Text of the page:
Ph.D. student Jianheng Li receives Berkeley Lab doctoral fellowship

uc davis materials science engineering als doctoral fellowship berkeley lab
Inside the Advanced Light Source at the Lawrence Berkeley National Laboratory. Photo: Roy Kaltschmidt/Lawrence Berkeley National Laboratory
uc davis materials science engineering phd student jianheng li
Ph.D. student Jianheng Li.

Fourth-year Ph.D. student Jianheng Li received an ALS Doctoral Fellowship in Residence at Lawrence Berkeley National Laboratory (LBL). Li will spend the 2019-2020 academic year at LBL’s Advanced Light Source (ALS) facility working with the state-of-the-art equipment, techniques and applications in synchrotron radiation research, and will receive $20,000 towards his research

Though Li has conducted experiments in the ALS facility as a user, he is excited to work there full-time and collaborate with the facility’s scientists to design and develop a synchrotron beam line. “As a doctoral fellow, I will be able to learn and independently operate x-ray beam lines with specific configurations,” he said. “That means I will learn inner workings of the beam line and solve the kinds of problems I couldn’t as just a user.”

Li, part of Assistant Professor Roopali Kukreja’s group, studies the dynamics of phase transition in a variety of systems including ferroelectrics and glasses. During his in residence fellowship, Li will focus on understanding magnetic and electronic properties of lanthanum strontium cobalt oxide (La₁₋ₓSrₓCoO₃), where the relative ratio of La and Sr can be varied to change functional properties. With a particular composition, ferromagnetic clusters appear in an otherwise non-magnetic sample. Li compares it to a loaf of raisin bread where the raisins are ferromagnetic and the bread is the not.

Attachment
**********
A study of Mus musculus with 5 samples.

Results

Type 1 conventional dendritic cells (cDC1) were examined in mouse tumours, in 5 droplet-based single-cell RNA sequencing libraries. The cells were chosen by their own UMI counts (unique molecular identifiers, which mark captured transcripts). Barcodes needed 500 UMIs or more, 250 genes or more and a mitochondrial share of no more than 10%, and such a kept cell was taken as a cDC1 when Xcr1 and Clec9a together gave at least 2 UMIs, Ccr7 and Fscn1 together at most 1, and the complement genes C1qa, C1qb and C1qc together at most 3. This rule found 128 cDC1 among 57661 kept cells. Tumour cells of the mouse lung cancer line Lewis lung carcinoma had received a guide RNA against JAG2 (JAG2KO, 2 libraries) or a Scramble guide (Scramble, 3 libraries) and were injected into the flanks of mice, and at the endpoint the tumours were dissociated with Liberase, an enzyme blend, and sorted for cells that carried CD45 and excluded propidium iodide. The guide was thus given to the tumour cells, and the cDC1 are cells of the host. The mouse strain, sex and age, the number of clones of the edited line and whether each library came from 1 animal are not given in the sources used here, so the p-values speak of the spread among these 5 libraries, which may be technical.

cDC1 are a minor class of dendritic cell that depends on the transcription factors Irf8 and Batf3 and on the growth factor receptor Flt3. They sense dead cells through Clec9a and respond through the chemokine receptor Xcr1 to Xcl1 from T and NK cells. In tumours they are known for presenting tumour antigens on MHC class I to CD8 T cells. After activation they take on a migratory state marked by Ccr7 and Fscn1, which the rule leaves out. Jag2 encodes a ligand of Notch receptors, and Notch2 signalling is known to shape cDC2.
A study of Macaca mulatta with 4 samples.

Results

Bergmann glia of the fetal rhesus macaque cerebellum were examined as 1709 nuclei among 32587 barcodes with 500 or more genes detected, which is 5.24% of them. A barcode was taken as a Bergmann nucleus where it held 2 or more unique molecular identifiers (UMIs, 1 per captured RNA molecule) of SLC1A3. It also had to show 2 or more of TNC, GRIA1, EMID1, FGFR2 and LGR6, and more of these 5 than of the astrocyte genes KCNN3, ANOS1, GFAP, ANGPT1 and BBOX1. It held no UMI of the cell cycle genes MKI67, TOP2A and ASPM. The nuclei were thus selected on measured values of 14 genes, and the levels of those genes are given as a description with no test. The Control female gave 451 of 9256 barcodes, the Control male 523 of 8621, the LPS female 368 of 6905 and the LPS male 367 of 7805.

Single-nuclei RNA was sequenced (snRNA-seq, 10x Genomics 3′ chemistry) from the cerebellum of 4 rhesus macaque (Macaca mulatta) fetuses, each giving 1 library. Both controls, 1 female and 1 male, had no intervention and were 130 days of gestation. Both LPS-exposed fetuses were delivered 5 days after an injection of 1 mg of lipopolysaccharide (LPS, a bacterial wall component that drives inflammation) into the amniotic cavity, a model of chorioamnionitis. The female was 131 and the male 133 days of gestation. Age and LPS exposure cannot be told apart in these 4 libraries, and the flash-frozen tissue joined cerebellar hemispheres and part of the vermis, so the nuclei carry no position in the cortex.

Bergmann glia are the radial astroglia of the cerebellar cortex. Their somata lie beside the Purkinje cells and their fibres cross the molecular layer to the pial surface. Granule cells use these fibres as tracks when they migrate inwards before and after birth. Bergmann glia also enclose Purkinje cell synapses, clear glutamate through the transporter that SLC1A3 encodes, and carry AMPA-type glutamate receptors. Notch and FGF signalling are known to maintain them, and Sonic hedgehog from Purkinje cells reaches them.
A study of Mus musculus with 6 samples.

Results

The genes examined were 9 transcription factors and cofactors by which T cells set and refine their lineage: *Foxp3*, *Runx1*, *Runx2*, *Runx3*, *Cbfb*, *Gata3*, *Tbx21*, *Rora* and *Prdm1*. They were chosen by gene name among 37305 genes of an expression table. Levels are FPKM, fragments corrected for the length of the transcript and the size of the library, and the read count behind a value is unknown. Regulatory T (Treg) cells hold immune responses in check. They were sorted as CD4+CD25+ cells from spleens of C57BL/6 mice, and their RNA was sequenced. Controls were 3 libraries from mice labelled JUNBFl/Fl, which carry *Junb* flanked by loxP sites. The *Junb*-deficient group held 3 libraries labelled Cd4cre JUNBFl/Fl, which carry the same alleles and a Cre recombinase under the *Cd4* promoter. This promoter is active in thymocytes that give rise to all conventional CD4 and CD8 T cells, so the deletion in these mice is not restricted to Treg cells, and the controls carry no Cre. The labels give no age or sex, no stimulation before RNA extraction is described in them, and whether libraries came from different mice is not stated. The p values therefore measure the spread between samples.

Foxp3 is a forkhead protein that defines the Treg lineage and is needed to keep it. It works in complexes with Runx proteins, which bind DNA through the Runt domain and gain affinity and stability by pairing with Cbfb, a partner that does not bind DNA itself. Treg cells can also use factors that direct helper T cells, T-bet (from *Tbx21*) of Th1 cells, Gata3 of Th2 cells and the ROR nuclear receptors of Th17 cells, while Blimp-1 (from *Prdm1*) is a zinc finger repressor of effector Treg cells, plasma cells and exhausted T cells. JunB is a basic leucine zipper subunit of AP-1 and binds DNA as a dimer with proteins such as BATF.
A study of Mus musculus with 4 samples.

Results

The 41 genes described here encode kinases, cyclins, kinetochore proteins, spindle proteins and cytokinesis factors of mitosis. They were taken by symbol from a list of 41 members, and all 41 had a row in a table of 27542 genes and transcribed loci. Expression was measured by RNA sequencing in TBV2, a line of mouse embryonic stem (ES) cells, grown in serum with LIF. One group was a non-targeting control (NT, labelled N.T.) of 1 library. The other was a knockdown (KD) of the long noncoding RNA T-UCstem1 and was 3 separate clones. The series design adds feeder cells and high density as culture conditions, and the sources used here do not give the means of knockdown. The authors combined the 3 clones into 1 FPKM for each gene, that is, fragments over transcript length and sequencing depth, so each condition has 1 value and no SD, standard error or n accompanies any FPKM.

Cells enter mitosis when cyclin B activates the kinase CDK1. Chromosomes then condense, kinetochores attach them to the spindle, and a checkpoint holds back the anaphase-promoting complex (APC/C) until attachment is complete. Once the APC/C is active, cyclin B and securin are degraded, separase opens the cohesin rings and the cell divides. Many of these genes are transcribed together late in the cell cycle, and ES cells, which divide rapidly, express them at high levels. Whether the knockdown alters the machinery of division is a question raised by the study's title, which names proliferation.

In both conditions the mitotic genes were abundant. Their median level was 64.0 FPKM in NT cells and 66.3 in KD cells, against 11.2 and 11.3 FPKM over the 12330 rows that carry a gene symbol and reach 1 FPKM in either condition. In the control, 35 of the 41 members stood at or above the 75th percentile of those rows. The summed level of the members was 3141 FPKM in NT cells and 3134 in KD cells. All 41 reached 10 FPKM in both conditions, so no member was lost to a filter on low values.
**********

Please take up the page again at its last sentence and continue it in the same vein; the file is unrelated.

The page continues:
As the temperature changes, these clusters evolve and their magnetic and electronic properties change, but the dynamics of this transition are not clear. Li plans to measure the sample at different time intervals to understand magnetic and electronic dynamics as function of temperature.

“While researchers already know about the static behavior of these magnetic “islands,” their dynamic behavior is still unknown, as studying it requires techniques with both spatial and temporal resolution,” he explained.

Li will use X-ray photon correlation spectroscopy, or XPCS technique, which uses a coherent X-ray synchrotron beam to characterize and study the dynamics of the magnetic sample. Li will use this beam to investigate how magnetic fluctuations at lengthscales of ~10 nm evolve as a function of time for various temperatures.

He hopes to use this experience to accelerate his research and give him valuable synchrotron experience for postdoctoral work or a career after he completes his Ph.D.

The ALS Doctoral Fellowship in Residence is offered every year by LBL to Ph.D. students who wish to gain hands-on experience in the Advanced Light Source facility. The fellowship lasts one year with the possibility of renewal. Li is the second UC Davis student to receive the fellowship; biological and agricultural engineering and chemical engineering alumnus Jennifer Nill '19 was the other.

Kukreja’s research group studies the electronic and magnetic properties of materials on the nanoscale and at ultrafast time scales when they are exposed to external stimuli like lasers. Learn more about the Kukreja group.